Like I do early each Sunday morning, I walked out of my apartment to take a contemplative walk around Denver’s Cheesman Park. Complete with coffee in hand, the bright Sunday morning sun shined through my apartment window inviting me into a needed quiet space in the middle of a normally busy city.

The normalcy only lasted the few steps between the door to my apartment and the main entrance to the building. As I turned the corner and walked down the stairs to exit, I saw a man lying in the doorway. He was in the enclosure between the open exterior door and the locked door which allows entrance into the building.

I stood there for a few seconds. The man was clearly asleep. My mind raced. I could not quickly ascertain whether or not the man was homeless. He did not appear injured. As my mind continued to race, I thought that he might have been out late on Saturday and simply passed out drunk in a strange building.

For a few moments, I allowed fearful thoughts to run my mind. What if he is dangerous?, I asked. He could easily hurt me, my fearful self quipped.I tried to convince myself that I don’t need to help.

I started up the apartment stairs backwards thinking I could avoid an encounter if I simply went out the back entrance.

I stopped. I pondered once again. He clearly needs help, I told myself.

I walked out the front door and leaned down toward the man. As softly as I could while still being loud enough to gently wake him, I asked, “Are you okay, man?”

He woke up, mildly startled. He was disoriented. “I just needed to sleep”, he said.

He jumped to his feet on his own accord, albeit with a stumble in his step. I asked him if he needed help, or if I could call him a ride to somewhere. He shook his head and walked quickly out the door and down the street.

Needless to say this brief and unordinary encounter at my apartment door filled my thoughts for that Sunday morning walk. I wondered about his name, about who he was. More than anything, I prayed he would be okay.

I share this story not because I did something grand by offering a simple gesture. To the contrary, I almost backed away to avoid the situation entirely. Yet there was something that drew me to him that morning. Over the past few months I have been quite bothered by the abhorrent political and religious rhetoric that talks about people rather than with people. The situations that some in our country face – homelessness, chronic illness, etc. – are so often used as talking points to prove whatever our position may be as the “right” one versus the other. Yet so few times do we actually take practical actions to help those whom we are speaking of. I am as guilty of this as anyone.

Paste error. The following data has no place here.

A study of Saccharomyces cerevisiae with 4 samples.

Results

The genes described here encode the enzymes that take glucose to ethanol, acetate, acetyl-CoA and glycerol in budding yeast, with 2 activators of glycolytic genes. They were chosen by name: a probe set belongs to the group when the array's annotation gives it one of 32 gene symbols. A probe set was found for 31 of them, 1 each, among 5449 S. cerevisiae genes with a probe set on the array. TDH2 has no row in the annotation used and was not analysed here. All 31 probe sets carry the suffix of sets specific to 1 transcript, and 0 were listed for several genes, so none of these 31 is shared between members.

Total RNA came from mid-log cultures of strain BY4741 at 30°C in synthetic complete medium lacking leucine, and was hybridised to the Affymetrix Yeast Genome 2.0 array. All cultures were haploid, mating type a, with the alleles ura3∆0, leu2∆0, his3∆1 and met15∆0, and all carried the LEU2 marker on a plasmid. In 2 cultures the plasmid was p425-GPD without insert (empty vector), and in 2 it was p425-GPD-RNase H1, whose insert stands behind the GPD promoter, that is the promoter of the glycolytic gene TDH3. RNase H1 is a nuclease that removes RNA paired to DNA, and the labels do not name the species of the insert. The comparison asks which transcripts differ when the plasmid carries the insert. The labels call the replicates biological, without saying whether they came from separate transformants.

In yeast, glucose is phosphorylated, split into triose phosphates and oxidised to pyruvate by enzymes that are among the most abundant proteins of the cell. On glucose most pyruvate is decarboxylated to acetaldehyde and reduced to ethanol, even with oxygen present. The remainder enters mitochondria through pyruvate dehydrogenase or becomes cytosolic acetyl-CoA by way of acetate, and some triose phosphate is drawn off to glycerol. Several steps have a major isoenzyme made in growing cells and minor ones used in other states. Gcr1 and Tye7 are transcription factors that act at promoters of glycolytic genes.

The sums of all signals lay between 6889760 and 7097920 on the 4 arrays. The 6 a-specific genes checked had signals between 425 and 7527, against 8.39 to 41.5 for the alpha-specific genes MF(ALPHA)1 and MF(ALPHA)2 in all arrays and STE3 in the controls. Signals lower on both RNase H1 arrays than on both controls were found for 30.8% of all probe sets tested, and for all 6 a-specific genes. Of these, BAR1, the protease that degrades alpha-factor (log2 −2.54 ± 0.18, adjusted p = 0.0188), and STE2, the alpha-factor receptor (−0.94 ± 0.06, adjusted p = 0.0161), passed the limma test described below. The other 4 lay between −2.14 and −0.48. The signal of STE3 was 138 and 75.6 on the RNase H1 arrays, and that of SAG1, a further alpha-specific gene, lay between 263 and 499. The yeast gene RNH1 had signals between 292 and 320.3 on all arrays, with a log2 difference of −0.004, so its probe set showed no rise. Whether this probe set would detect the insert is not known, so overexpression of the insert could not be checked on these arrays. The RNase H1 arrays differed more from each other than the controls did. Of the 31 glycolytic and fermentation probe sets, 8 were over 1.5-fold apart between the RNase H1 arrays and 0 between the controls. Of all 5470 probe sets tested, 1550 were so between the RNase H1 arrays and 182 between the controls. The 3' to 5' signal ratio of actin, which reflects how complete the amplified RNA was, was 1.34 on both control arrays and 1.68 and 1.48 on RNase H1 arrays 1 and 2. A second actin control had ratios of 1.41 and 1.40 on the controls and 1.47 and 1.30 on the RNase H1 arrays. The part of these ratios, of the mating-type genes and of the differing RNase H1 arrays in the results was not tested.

As I’ve studied the mystics over these past few years, I have been drawn to the idea that we do not do acts of help or justice. Those acts should stem from our ability to look past the social structures that impede our ability to love and relate. In Eager to Love, Fr. Richard Rohr writes, “you do not ‘do’ acts of peace and justice as much as your life is itself peace and justice.”

In these tumultuous times, I think the challenge for us is to mute the talking heads and incessant amateur political commentary and look for ways to help those around us who are in need. And when we find ourselves stuck, captivated in the ongoing rhetoric, we need to ask ourselves why. Is the message we are hearing or seeing reinforcing our structures that we perceive to keep us safe? Do we just want to feel right and superior? Surely these are all factors, but factors we must move past. We need to see each other as people. The more we can do this, the more we can begin to heal a world that is increasingly divided. What may seem like a small gesture to us may be a divine to someone that is ignored and outcast. Sometimes you may not even have to look further than your own doorway.